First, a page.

An expansion and remodeling of a community center at Irvine’s Northwood Community Park has gone as much as 45 percent over its original budget, and city staff is acknowledging that council members were given misinformation regarding the cost of the project.
The City Council last week tabled a request to approve $500,000 in additional spending on the project, instead directing interim City Attorney Richard Jones to investigate the matter.
The 3-2 vote followed the usual council split, with Republicans Steven Choi, Jeff Lalloway and Christina Shea in favor of the investigation and Democrats Larry Agran and Beth Krom voting no. There was, however, no dispute that the council was presented with incorrect staff reports.
City Manager Sean Joyce acknowledged significant flaws in the management of the project, including communication failures within the city bureaucracy. He also admitted that city officials have little experience with complicated remodeling jobs.
“It brings me no pleasure to admit where we fall short. We did in this case,” Joyce said, calling the shortcomings an “anomaly” and “one we will work hard to avoid ever experiencing again.”
In 2011, when council members first considered plans to expand and remodel the community center, the agenda staff report said the budget would be approximately $4 million. When the project again came before the council in March, an attached staff report said the budget was actually $5.3 million. The request, tabled for the second time last week, would have taken the project up to $5.8 million.
The staff report from the March meeting states that the community services commission had directed staff to spend $180,000 to redesign the patio area to accommodate tai chi practice. The community services commission had made no such direction, Joyce acknowledged. And the real cost of the patio redesign was $83,278, according to a more recent staff report.
There are also change orders for structural framing, window opening mechanisms, connecting to a water line, ceiling finishes and exterior siding among others, according to the staff. Lalloway said when he obtained the documents he found that the change orders don’t add up to the amount stipulated in the report.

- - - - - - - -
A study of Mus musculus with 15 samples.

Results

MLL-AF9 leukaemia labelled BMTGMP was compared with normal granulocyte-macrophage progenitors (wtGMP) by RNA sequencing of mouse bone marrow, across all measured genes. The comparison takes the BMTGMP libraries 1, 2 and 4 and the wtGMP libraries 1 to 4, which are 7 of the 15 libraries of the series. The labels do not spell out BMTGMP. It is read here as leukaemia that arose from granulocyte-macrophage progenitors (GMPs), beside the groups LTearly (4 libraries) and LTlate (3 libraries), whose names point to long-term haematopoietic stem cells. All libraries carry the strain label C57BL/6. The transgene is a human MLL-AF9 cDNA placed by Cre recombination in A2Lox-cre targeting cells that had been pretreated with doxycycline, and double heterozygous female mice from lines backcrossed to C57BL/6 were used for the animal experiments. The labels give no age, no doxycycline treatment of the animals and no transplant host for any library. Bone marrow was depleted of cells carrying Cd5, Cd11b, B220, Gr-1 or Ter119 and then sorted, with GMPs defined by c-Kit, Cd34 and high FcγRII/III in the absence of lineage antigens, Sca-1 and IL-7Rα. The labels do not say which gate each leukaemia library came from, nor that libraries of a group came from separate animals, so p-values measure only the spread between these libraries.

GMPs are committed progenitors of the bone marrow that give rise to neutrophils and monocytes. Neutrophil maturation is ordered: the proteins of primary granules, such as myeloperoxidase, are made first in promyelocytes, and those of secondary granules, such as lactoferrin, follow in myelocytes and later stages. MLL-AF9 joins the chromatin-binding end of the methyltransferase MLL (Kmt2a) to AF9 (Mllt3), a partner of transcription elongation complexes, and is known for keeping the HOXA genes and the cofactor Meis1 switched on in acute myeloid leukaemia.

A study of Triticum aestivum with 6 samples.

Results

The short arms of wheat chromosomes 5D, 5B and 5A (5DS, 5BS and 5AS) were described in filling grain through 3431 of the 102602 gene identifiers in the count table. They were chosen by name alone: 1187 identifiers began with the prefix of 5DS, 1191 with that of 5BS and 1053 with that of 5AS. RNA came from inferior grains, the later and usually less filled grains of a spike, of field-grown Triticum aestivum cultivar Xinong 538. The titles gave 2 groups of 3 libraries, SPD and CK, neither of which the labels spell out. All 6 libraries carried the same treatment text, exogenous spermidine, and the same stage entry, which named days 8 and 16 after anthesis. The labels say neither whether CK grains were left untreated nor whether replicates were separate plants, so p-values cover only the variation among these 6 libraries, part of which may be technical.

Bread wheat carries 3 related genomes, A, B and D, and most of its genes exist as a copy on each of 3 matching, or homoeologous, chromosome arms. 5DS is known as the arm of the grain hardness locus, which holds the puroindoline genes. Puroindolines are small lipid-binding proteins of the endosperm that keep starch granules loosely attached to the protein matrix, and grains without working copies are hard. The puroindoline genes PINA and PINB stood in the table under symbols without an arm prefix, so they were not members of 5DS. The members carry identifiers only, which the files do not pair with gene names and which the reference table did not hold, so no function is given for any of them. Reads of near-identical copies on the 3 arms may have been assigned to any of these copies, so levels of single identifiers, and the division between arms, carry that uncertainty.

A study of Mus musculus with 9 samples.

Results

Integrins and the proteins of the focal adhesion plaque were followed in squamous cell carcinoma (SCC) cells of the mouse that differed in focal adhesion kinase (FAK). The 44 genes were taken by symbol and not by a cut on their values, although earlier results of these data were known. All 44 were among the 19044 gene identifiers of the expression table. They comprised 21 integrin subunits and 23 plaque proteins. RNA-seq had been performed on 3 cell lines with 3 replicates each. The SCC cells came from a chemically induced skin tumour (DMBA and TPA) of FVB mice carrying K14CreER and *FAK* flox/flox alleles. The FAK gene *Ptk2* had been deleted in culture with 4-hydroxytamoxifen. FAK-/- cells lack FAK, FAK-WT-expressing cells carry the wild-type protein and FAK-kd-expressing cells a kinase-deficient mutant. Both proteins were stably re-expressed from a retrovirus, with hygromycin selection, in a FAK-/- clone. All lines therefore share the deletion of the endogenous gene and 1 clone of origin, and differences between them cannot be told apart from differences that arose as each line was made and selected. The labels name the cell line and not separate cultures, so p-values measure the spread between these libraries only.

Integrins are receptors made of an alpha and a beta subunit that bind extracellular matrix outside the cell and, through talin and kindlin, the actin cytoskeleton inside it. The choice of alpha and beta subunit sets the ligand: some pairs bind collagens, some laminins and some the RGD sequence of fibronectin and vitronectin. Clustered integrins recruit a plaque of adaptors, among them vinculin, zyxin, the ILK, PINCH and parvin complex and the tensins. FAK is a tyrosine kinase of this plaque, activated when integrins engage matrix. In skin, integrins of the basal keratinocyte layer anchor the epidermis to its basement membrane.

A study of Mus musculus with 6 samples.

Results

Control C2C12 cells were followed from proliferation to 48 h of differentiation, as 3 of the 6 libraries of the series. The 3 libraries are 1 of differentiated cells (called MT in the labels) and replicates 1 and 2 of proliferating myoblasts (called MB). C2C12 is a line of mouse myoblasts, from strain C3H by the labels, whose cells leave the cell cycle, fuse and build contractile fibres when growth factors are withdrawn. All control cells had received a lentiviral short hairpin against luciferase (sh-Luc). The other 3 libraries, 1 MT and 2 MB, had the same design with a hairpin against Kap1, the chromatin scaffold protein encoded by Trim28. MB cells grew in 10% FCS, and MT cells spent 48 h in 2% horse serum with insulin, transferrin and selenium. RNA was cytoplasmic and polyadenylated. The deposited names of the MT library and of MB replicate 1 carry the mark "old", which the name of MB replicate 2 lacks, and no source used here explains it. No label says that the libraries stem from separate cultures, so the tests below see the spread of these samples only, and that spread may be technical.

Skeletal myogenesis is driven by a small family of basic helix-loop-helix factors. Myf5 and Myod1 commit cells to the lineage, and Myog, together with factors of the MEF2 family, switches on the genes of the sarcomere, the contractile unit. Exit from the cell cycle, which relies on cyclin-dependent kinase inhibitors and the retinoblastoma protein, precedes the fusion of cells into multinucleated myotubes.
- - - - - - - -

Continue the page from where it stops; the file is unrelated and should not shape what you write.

Lalloway estimated that the project has gone 45 percent over the $4 million budget in the original 2011 staff report. Typically, change orders for a public works project range between 10 percent and 20 percent, he said. Change orders of more than 40 percent indicate there is something “seriously wrong” with the project, Lalloway said during last week’s council meeting.
“This situation is deeply disturbing to me, this project in general,” Lalloway said. “It’s contrary to everything I believe in: open, honest and transparent government.”
While not defending city staff’s work on this project, Joyce presented to council members a slide showing that dozens of capital improvement projects have, on average, come in under budget by 6 percent.
Krom and Agran moved to have Joyce review the project and report what went wrong.
Krom argued that Jones, who last month replaced Costa Mesa-based Rutan & Tucker as city attorney, didn’t have enough experience with the city to conduct the investigation. And she challenged the need for such a review, saying that nobody has disputed whether the change orders were necessary.
“Now we have an interim city attorney who knows very little about the city, who’s on his own learning curve, now we’re going to give him the authority to investigate what’s happening in our city?” Krom said.
Lalloway and his Republican colleagues shot down the proposal. Lalloway pointed out that Joyce had signed the inaccurate staff report from March, evidence that the city manager was in no position to investigate his own errors.
“I have complete confidence in our interim city attorney to conduct an independent investigation,” Lalloway said. “And frankly, that’s what we need here, an independent investigation.”
The confusion continued when Councilman Larry Agran questioned whether the project would be halted if the requested budget addition wasn’t approved. Agran argued that officials should approve the additional money because it’s needed to finish the project and will, in any event, probably be granted at some point.
City staffers first said the work on the project would stop but later acknowledged that $1 million remained committed to the project. That work would have to freeze after an unspecified number of days until the $500,000 budget addition is approved.
“It’s really confusing to me,” Choi said. “Five hundred thousand dollars will last for six months of construction … and a million dollar balance is still left … and that will last only several days. So I don’t understand.”
At one point, Joyce pleaded with staffers to provide straightforward and accurate answers.
“When are we going to run out of money?” Joyce asked, referring to the project’s budget.
That question was never specifically answered.